An Ounce of Prevention 

By Kathy Attar, Engagement Manager, Eco-Healthy Child Care®

As a parent, or caregiver, when you buy products for your children, you expect them to be safe. A 2019 Washington state investigation of children’s products bought on Amazon found that to be untrue. Tests identified dangerous levels of lead and other heavy metals including cadmium in certain children’s costume jewelry and school supplies. 

Lead exposure is unsafe at any level. Ingesting tiny (often microscopic) concentrations can permanently damage the developing brains of children. 

A new study from Case Western Reserve University followed 10,000 children who experienced elevated blood-lead levels before age 3 through age 23. The study found that adults who had experienced childhood lead poisoning were more likely to be incarcerated, experience homelessness and rely on public assistance than children who had not been poisoned by lead. The study also highlights the demographics that are more likely to experience childhood lead poisoning--the rate of elevated blood-lead levels was highest in Black students.

Black and brown communities are more likely to experience childhood lead poisoning as a result of long-standing structural racism. Structural racism has led to the disparate impact of hazardous waste sites, polluting facilities and poor quality housing stock being located in or near neighborhoods with high concentrations of black and brown people and economically disadvantaged populations. 

Structural racism is a term for the many systemic factors that work to produce and maintain racial inequities in the U.S. These aspects of our history and culture allow the privileges associated with “whiteness” and the disadvantages associated with “color” to remain deeply embedded within U.S. public policies and institutional practices.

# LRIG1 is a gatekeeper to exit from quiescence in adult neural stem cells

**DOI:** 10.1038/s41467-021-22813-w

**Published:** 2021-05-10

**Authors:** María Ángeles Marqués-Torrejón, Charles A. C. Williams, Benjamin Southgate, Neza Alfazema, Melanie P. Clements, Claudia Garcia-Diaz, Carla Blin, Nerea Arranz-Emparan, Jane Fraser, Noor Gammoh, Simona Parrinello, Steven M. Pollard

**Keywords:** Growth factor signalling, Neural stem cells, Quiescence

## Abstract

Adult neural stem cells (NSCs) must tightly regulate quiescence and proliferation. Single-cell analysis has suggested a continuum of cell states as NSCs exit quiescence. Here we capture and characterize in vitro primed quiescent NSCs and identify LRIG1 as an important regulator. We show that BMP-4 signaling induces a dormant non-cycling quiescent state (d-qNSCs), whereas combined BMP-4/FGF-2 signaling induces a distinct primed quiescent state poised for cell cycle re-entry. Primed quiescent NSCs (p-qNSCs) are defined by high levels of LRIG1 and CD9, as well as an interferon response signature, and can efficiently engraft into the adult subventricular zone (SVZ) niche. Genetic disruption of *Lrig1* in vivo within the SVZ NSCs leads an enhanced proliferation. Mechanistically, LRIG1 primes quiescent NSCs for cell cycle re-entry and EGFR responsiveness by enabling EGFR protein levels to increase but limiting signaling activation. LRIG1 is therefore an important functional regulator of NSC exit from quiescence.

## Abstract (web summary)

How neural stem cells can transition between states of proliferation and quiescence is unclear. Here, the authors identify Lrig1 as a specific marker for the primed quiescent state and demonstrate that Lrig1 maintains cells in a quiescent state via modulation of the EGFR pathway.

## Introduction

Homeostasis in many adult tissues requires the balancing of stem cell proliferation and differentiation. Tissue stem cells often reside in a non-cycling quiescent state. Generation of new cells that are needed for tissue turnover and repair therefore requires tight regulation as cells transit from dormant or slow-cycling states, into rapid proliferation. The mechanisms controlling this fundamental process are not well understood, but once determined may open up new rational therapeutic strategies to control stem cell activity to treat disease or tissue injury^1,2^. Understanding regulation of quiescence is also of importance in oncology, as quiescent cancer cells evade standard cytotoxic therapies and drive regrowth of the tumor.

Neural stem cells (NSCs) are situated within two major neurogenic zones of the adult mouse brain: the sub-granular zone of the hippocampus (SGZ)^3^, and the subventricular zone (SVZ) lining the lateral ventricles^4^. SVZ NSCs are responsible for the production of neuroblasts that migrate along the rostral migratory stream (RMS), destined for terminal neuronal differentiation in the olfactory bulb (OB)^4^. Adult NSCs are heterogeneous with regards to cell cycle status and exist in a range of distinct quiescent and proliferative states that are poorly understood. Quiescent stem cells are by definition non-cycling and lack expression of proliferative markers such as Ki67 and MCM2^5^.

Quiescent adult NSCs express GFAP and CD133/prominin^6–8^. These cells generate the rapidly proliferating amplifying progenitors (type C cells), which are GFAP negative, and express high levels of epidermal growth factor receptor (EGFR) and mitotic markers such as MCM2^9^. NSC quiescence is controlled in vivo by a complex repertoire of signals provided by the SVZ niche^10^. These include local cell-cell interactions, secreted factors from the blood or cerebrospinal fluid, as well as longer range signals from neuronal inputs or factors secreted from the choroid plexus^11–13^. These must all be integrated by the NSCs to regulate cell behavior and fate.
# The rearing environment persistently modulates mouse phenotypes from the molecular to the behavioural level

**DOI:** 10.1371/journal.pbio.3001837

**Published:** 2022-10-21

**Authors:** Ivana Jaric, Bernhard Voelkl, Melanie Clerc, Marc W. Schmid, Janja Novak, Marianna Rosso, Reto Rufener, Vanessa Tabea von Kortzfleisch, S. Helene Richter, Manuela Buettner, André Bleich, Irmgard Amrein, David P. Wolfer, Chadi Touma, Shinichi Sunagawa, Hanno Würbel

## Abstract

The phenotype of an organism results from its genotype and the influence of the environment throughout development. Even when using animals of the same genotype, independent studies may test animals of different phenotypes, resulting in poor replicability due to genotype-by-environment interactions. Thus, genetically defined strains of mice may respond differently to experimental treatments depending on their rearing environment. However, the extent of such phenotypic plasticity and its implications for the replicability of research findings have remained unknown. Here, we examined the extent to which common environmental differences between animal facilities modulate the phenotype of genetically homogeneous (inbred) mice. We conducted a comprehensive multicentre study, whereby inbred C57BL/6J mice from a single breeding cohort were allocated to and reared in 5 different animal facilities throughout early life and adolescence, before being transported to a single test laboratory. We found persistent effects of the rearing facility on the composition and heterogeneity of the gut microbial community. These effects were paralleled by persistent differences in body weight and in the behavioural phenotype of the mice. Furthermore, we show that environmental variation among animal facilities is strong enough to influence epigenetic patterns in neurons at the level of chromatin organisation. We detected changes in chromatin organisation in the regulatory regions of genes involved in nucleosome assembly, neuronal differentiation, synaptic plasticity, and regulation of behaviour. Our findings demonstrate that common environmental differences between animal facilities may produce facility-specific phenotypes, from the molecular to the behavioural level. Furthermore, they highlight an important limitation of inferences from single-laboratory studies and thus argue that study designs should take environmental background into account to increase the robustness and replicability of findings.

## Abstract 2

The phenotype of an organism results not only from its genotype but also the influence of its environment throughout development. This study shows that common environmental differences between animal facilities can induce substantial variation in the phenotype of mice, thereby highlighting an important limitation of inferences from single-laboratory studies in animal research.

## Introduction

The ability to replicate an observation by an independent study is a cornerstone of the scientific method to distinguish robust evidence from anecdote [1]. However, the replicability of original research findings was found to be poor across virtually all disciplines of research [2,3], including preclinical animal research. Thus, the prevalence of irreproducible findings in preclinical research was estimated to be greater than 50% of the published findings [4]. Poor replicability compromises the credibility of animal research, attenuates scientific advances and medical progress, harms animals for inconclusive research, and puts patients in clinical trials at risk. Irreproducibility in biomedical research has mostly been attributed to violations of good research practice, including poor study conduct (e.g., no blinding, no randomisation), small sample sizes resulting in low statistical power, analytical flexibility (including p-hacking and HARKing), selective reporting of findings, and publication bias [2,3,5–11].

This latest Case Western Reserve University study reinforces the importance of preventing childhood lead poisoning. 

The Lead-Safe Toolkit for Home-Based Child Care helps families and child care providers reduce lead hazards within home settings. The Toolkit is a result of Eco-Healthy Child Care®’s partnership with the National Center for Healthy Housing and the National Association of Family Child Care. It is filled with FREE resources including an eye-catching poster and user-friendly worksheets (soon to also be available in Spanish) that provide easy-to-follow steps for finding out if lead hazards exist in the home and what to do to reduce any exposures.

Exposure to lead in the home can create long-lasting health issues for children including: learning disabilities and loss of IQ. Sources of lead can include: paint, dust, water, soil and consumer products. 

Certain children’s items are known to have a higher risk of containing lead, such as: inexpensive metal costume jewelry, antique toys and imported toys. Children, especially infants and toddlers, can mouth these unsafe products--inadvertently ingesting pieces and/or inhaling lead-contaminated dust from these play items - which can then cause irreversible harm. Preventing exposures is key to protecting children’s health. 

One quick and easy tip to reduce lead hazards is to stay up-to-date on product recalls by visiting the Consumer Product Safety Commission (CPSC). Checking out CPSC’s website on a regular basis is a great way to keep children safe from lead-contaminated consumer products.

Learn more affordable and effective tips for protecting children from lead in the home setting in the FREE Lead-Safe Toolkit.